WITH school out for another number of weeks, what better time to have a play.

And that’s exactly what they’re doing at the Firstsite art gallery in Colchester, whether it’s playing with the notions of nationality, identity or even a movie blockbuster.

A New Life in Frigg plays around with the idea of nationality using the former Butlins holiday camp at Clacton as its inspiration.

It’s by the artist and graphic designer Scott King and forms part of the artist’s ongoing Butlins-inspired series Britlin’s, a combination of the words ‘Britain’ and ‘Butlins’, that plays with the power of collective nostalgia to reimagine a new society modelled on an idealised vision of the past.

Born and brought up in Goole, but now based in north London, Scott says: “I’ve always loved this part of the world. I used to escape London and go out to Canvey Island, mainly because I was such a huge fan of Lee Brilleaux and Dr Feelgood.

“East Yorkshire and this part of Essex for me has so much in common and now my mate Stuart has a house here in Colchester, I have even more reason to visit.”

A New Life in Frigg explores the idea of the Seventies holiday camp as utopian micro-societies, remembered through the colourful, hyperreal photography that was used on promotional postcards.

Reinforcing the mythologising aspect, the four proposed Britlin’s new towns are named after Anglo-Saxon gods: Frigg, Saxnot, Balder and Loki. Frigg being the goddess of love and wife of Odin, father of the gods.

The exhibition at Firstsite is made-up of a wall-based map of the proposed Frigg township, as well as questionnaires for visitors to fill out that set up satirical scenarios to consider one’s suitability to join the Britlin’s community.

Also included is a new film commissioned by Firstsite entitled Come to Frigg, which has been produced in collaboration with filmmaker Paul Kelly. The film acts as a sales pitch for the Britlin’s vision, persuading the viewer (and potential resident) of its ethos and communitarian agenda.

Alongside Scott’s installation piece is a large body of work put together under the more generic title Play It Again: The Art of Remaking.

This is an exhibition featuring ‘remade’ objects, events and films, produced by artists and the public, showcasing how history, contemporary culture and our own everyday experiences inspire repetition, remaking and reenactment in different forms.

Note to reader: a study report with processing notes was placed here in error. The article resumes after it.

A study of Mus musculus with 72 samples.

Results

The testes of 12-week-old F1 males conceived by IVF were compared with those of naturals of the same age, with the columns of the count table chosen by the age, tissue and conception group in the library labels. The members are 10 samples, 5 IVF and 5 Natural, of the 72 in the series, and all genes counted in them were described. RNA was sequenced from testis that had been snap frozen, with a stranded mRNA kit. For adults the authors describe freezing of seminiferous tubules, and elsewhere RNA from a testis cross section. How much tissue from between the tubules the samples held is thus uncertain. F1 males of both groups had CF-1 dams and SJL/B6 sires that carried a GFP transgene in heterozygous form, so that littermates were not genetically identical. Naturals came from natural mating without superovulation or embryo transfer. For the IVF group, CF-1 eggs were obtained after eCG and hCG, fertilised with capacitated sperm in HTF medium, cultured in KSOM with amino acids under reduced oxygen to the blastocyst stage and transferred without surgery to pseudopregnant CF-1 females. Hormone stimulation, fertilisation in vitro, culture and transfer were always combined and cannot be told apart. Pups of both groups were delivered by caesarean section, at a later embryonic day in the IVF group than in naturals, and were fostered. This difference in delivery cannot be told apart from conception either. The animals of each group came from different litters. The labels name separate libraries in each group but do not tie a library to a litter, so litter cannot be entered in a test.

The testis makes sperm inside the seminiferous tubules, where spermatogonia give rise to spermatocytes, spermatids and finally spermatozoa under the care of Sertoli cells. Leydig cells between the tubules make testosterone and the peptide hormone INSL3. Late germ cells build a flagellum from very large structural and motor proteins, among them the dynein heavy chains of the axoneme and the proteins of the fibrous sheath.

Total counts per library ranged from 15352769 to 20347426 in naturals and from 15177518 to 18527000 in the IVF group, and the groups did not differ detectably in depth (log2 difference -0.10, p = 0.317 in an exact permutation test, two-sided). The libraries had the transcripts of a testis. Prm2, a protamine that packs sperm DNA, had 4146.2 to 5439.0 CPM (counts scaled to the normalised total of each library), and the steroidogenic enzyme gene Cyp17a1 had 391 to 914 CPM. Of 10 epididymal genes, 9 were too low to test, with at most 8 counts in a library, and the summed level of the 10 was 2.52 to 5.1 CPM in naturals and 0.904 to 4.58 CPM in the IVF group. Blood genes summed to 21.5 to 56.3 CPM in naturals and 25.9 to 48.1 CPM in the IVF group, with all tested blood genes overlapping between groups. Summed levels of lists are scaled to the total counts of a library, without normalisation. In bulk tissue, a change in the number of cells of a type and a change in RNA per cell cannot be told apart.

The exhibition includes the work of contemporary artists Heather Agyepong, Laura Eldret, Michel François and Guillaume Désanges, Sofia Hultén, Hetain Patel, David Sherry, Allison Smith and Gillian Wearing.

One of the most striking pieces in the show is Hetain Patel’s Fiesta Transformer, which he made with the help of his dad, who used to be a mechanic.


Hetain says: “I wanted to spend more time with my dad after he retired so I asked him to take part in a few of my projects.

“After him coming into my world, I thought I should perhaps go into his and so I came up with this idea of finding the first car I had ever bought and turning it into a Transformers robot.”

Celebrating the artist’s passion for the Eighties Transformers cartoon and action figure franchise, while exploring the ideas of Indian culture and identity, after discovering his original car had been scrapped, Hetain found a similar car and converted it with his dad into a squatting human-like figure.

He adds: “We spent three/four months figuring out how to make this figure and then creating it. I had such a wonderful time with him sat in his garage, talking, eating sandwiches and making the sculpture.”

As well as Fiesta Transformer, Hetain has his film The First Dance also in the show in which another of his boyhood interests, of becoming a Kung Fu warrior, manifests itself in the restaging of a scene from the Ang Lee-directed film, Crouching Tiger, Hidden Dragon. But in Hetain’s film, the narrative is relocated to the domestic reality of his South London flat and the lead roles are played by him and his wife.

Another recreation is that of a film of a boxing match which took place between a group of firefighters in Battersea, south London.

Interested in re-enactments, artist Laura Eldret asked the firefighters to recreate a specific boxing match which she then filmed Laura says: “Boxing was something my brothers and dad used to go and watch but I wasn’t allowed in to see, so there’s always been a fascination with it for me.

“When I was in Mexico years later I saw the wrestling matches there and thought what spectacles they were but I couldn’t recreate those because they were already pretty staged. Then I met these firefighters and thought I could perhaps do a boxing match.

“Obviously it would have been very difficult to stage it blow for blow but the framework of the fight was all there.”

Also included in the show is Turner Prize winning artist, Gillian Wearing’s seminal film Dancing in Peckham (1994), in which Gillian, inspired by a woman she saw dancing madly by herself, dances in a Peckham shopping mall, and Star Wars Uncut: A New Hope (2010) which remakes one of the world’s most beloved films when Casey Pugh asked internet users to recreate Star Wars Episode IV: A New Hope into a fan film 15 seconds at a time.

In just a few months thousands of fans around the world had responded with extraordinary creativity, resulting in a feature-length film with scenes acted out by children, cartoons and cats filmed in fans’ living rooms and garages across the world.

Scott King: A New Life in Frigg runs until September 2, while Play It Again: The Art of Remaking runs until September 9.

Firstsite is open Monday to Sundays, 10am to 5pm. Entry is free.